Sharing of the Goods (Acts 2:42-47)
Welcome to Lesson 6 of your Bible Study of Acts.
In this lesson we want to look more closely at Acts 2:42-47 and the sharing of the goods in the Jerusalem church.
Indeed, the practice of sharing goods in this first church, represents a remarkable and unique experiment in the history of early Christianity.
Luke’s idealistic descriptions show a community where goods were freely shared, where no one had need and where individuals sold their properties in order to raise funds for those in need.
Read Acts 2:42-47
- What types of activities characterize the life of the church in these few verses? Notice especially 2:42 and 46.
- How often and with what intensity does it say the church participated in these types of activities? See especially 2:42 and 46.
- In what locations did these types of activities take place? What does that say about the type of community of those early Christians?
- How does Luke describe the attitude of those first Christians? Note especially 2:46.
- What terms does Luke use to describe the unity of those first Christians?
- After reading how constantly and closely these first Christians shared their lives with one another, does it surprise you that they shared their goods with each other as well? Comment.
In this passage we have a similar description of the early church sharing their possessions.
- In reading both passages together, how would you describe the nature of the sharing of goods? How was it carried out or administed? Note especially the condition at 2:45 and 4:35.
- Did people sell everything they owned? Did everyone’s belongings and property belong to everyone else?
- Was this a voluntary practice? For further insight you may want to read the passage about Ananias and Sapphira in Chapter 5. Note especially 5:4.
What caused this type of generosity?
There were two major events that occurred in the life of the church prior to this sharing of the goods. 1) the resurrection of Jesus Christ and 2) the giving of the Holy Spirit to the whole church.
- How should these two events transform the life of individuals and groups? What changes took place for those early believers or should take place for us as Christians in a modern context?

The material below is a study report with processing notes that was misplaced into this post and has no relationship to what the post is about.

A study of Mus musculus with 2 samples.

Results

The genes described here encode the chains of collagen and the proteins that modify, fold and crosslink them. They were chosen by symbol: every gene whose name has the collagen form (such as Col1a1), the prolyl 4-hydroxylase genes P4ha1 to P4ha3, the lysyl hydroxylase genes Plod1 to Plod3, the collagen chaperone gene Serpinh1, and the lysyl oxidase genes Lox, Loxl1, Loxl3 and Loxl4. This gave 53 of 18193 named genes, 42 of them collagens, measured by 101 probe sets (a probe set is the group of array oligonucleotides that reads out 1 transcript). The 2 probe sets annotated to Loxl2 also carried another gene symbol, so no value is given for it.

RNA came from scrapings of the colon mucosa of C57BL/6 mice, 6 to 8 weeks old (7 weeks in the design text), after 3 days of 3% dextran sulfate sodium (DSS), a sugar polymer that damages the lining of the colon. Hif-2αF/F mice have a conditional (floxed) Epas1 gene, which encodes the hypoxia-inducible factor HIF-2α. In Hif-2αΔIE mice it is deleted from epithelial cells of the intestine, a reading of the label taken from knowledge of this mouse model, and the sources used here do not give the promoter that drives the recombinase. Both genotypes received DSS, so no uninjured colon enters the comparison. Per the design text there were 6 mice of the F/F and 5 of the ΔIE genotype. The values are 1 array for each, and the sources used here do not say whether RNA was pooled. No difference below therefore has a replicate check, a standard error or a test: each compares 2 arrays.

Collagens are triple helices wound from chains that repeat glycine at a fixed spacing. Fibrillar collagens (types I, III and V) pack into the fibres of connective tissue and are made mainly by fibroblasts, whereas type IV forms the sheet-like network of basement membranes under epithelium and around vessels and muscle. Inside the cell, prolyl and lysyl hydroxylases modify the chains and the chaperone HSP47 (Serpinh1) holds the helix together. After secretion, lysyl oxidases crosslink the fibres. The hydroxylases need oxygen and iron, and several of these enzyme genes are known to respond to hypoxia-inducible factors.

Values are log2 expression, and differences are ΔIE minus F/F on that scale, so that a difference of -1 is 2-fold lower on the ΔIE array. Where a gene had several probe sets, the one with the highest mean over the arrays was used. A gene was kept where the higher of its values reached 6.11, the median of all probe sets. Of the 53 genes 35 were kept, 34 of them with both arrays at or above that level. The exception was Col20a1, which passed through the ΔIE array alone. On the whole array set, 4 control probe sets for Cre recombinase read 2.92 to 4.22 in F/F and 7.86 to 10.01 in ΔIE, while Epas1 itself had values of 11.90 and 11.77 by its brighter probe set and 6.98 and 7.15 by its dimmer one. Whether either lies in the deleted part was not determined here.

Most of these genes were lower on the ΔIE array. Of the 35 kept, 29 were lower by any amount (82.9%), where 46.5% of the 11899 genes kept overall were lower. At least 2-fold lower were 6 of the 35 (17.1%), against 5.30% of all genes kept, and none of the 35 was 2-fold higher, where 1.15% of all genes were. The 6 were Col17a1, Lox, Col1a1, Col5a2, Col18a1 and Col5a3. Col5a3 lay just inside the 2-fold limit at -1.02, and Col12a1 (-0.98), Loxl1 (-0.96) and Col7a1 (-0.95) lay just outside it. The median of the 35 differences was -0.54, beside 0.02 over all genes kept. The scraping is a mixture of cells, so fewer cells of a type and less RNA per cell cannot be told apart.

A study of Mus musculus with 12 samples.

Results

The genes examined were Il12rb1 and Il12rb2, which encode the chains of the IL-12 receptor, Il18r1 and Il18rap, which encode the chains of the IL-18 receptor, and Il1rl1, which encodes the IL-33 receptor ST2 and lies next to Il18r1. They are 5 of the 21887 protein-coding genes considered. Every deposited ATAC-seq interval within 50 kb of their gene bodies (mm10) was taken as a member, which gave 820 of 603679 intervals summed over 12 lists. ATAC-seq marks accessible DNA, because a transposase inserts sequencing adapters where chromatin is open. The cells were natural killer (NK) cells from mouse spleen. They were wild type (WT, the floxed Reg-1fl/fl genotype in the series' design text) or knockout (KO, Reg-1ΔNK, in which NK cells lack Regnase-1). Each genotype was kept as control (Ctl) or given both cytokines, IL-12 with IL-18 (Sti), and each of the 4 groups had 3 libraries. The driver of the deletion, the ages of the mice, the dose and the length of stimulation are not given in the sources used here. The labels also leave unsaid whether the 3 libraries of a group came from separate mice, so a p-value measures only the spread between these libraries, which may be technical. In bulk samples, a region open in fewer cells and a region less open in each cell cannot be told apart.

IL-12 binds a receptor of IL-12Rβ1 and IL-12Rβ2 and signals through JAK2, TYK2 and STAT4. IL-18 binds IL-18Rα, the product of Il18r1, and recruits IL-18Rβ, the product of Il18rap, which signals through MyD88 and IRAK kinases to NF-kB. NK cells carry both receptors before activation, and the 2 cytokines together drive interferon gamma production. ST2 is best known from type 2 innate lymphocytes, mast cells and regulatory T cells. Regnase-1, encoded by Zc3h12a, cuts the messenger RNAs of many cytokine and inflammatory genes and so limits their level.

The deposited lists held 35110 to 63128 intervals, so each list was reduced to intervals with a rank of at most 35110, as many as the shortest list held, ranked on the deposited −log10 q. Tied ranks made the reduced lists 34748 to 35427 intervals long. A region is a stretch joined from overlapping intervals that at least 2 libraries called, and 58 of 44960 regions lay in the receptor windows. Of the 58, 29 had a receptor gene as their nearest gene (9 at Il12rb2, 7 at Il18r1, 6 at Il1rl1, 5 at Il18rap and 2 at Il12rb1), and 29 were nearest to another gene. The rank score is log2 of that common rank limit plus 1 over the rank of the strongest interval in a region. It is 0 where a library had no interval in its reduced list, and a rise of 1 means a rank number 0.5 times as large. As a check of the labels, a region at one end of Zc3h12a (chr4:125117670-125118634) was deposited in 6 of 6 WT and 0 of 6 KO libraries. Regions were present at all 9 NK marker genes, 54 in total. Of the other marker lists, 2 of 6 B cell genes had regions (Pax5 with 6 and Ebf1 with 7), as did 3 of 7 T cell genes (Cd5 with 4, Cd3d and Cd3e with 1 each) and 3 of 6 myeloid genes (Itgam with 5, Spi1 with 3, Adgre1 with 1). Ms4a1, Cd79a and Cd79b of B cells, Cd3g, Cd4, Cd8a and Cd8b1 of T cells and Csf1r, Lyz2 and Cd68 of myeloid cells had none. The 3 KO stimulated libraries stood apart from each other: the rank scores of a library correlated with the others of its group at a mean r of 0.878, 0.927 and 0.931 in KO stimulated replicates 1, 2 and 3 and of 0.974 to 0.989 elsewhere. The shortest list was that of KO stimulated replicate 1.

- Given the magnitude of these events and happening so closely together in the life of the early church, does it surprise you that they were sharing their goods with anyone who had need? Comment.
How do we apply these texts in a modern context
There are two factors to keep in mind as we try to bring a modern application to these texts.
- First, aside from Chapters 2 and 4 of Acts, the sharing of goods was never again repeated in any other Christian church within the New Testament.
- Secondly, from the descriptions of this activity, it becomes clear that the sharing of the goods occurred as people “had need,” did not involve selling everything (or otherwise how could they have continued to meet in homes) and was strictly on a voluntary basis. (The money belonged to Ananias even after he sold his property.)
This would seem to be making an excuse for not having to practice this type of generosity in today’s church context. However, we cannot get off that easy.
Questions to reflect on your life
- Return to the activities that characterized that first church in Jerusalem. Compare that list to the activities that your church still performs today (teaching, breaking bread, prayer, etc.) What activities are missing? And why?
- At the very least these passages should make you think about your own relative wealth and possessions. What is your attitude towards the things that you own? How generous are you with your money and possessions?
- How should wealthy members and no so wealthy members co-exist and live together in the same church? Do you live in abundance while others have so little?
- What does it mean to be a part of a messianic & Spirit-filled community when it comes to your material wealth and possessions? How should Christ’s resurrection and the coming of the Spirit transform you in this area?